Pipe Dream? Israel Doesn't Have Capacity to Export Gas to Egypt as Promised

Gas must first run through domestic network, which can’t carry enough gas to meet contractual requirements

Eran Azran
Eran Azran
Dedicating a section of the national pipeline. Credit: Itamar Cohen
Eran Azran
Eran Azran

Israel’s domestic pipeline network doesn’t have the capacity to carry all the natural gas the Tamar and Leviathan partners have contracted to sell to Egypt, TheMarker has learned. The partners are scrambling to find a solution before exports are supposed to begin in the first half of 2019.

Knowledgeable sources told TheMarker that the critical length of pipeline belonging to Israel Natural Gas Lines – the company responsible for operating 650 kilometers of pipeline inside Israel – is currently capable of carrying between two and three billion cubic meters of gas annually.

But under two separate agreements, the Tamar and Leviathan partners, led by Israel’s Delek Group and Texas-based Noble Energy, are committed to selling 3.5 BCM annually and under certain conditions could sell more to the Egyptian company Dolphinus Holdings.

Delek and Noble agreed in September to buy a stake in the EMG pipeline that links Israeli suppliers with Egyptian customers to ensure delivery. But neither gas field is linked directly with the EMG pipeline and right now has to deliver the gas first through the INGL network.

Delek Drilling, a unit of Delek Group, told the Tel Aviv Stock Exchange last week that it had begun negotiations with INGL to use the domestic pipeline network and noted that the “parties were conducting preliminary examinations of technical issues.” But the announcement didn’t address any capacity issues.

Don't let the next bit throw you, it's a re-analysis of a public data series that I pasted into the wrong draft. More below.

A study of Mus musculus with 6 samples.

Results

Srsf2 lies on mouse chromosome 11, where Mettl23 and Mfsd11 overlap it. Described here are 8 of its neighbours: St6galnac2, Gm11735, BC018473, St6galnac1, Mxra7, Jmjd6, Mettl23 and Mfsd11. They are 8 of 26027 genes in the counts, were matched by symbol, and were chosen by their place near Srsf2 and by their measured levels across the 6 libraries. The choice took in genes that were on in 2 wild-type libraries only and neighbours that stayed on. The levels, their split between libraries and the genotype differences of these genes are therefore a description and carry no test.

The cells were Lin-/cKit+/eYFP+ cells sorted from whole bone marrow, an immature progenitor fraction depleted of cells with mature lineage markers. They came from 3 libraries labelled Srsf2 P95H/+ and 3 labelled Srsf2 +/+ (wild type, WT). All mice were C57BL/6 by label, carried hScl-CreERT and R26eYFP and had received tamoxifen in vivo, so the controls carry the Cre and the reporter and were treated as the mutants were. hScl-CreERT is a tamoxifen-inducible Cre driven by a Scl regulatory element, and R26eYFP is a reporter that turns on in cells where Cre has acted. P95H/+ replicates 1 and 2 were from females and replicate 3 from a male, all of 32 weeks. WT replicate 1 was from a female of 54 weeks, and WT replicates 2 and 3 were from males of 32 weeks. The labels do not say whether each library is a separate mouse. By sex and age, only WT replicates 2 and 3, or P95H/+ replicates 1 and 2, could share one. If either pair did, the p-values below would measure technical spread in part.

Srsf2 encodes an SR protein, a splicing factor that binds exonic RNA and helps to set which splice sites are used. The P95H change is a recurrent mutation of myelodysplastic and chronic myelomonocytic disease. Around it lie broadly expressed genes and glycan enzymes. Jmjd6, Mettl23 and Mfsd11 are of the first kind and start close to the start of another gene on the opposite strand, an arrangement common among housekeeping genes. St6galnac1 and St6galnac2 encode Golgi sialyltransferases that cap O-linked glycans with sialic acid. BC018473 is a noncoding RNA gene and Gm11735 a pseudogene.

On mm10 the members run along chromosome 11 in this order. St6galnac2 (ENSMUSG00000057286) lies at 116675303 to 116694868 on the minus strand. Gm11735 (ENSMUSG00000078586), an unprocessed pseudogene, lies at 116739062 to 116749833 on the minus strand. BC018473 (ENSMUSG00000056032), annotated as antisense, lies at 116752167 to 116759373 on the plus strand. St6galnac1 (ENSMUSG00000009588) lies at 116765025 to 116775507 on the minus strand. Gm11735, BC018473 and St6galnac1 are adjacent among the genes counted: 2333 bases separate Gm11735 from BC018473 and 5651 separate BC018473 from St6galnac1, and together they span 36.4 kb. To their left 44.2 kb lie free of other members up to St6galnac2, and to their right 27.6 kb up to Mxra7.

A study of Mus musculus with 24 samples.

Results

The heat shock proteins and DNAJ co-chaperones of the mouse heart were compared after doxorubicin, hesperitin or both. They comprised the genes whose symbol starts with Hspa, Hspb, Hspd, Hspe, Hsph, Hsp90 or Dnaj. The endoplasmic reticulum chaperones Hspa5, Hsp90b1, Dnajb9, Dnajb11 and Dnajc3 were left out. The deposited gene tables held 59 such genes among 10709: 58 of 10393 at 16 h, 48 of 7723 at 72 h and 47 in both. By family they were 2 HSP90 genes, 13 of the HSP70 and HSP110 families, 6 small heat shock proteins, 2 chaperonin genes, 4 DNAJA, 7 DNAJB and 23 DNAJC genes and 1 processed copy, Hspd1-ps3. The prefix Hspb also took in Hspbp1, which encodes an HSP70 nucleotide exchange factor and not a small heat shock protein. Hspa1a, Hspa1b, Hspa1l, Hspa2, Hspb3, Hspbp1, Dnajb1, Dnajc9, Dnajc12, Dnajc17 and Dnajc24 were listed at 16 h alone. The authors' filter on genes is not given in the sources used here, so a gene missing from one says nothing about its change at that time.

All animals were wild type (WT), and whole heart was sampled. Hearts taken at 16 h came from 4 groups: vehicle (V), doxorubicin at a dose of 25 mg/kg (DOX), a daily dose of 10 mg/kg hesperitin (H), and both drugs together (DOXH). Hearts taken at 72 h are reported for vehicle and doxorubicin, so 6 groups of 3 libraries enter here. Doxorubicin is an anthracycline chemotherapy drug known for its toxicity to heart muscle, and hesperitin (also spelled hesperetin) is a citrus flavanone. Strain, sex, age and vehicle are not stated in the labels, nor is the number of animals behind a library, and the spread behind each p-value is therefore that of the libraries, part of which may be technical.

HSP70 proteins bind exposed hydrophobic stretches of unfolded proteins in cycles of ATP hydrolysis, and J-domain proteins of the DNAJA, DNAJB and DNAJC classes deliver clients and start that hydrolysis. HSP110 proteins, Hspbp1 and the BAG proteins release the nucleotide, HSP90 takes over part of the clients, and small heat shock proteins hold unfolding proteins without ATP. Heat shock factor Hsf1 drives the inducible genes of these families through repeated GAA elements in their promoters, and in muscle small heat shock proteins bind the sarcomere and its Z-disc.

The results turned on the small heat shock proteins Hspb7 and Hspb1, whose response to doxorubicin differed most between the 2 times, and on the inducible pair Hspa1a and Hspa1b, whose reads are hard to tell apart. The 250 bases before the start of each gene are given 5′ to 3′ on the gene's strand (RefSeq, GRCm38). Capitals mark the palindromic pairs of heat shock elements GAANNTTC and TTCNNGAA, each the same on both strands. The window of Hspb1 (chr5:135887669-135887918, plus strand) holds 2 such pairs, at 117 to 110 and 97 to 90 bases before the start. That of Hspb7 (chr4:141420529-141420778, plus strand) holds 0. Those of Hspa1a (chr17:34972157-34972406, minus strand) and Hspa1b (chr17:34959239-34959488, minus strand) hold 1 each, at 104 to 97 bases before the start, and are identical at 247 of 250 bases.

On Sunday, Delek Drilling and Noble responded that they remained optimistic. “As we have gotten to know the exact numbers and true data, we have no doubt that the Dolphinus agreements will be fully implemented and that gas will be delivered to Egyptian as it is supposed to,” a spokesman said.

Under the first of the two contracts, worth a combined $15 billion, Leviathan is committed to selling Dolphinus 3.5 BCM starting at the end of 2019. The second is with the Tamar partners, which agreed to supply gas on an “interruptible” basis, meaning only if there is capacity to deliver it. The contract, which is for a similar 3.5 BCM, carries an option to become a firm contract anytime up to December 2021.

Tamar has long been in production and will begin delivering its gas to Dolphinus in the first half of next year. However, it will have to stop exports once Leviathan comes on line, unless a solution to the capacity problem is found.

One option is to send some gas through another length of the INGL network to the Pan-Arab pipeline, which connects to EMG. Others are to widen the existing INGL pipeline, build a second parallel pipeline, or build an undersea pipeline.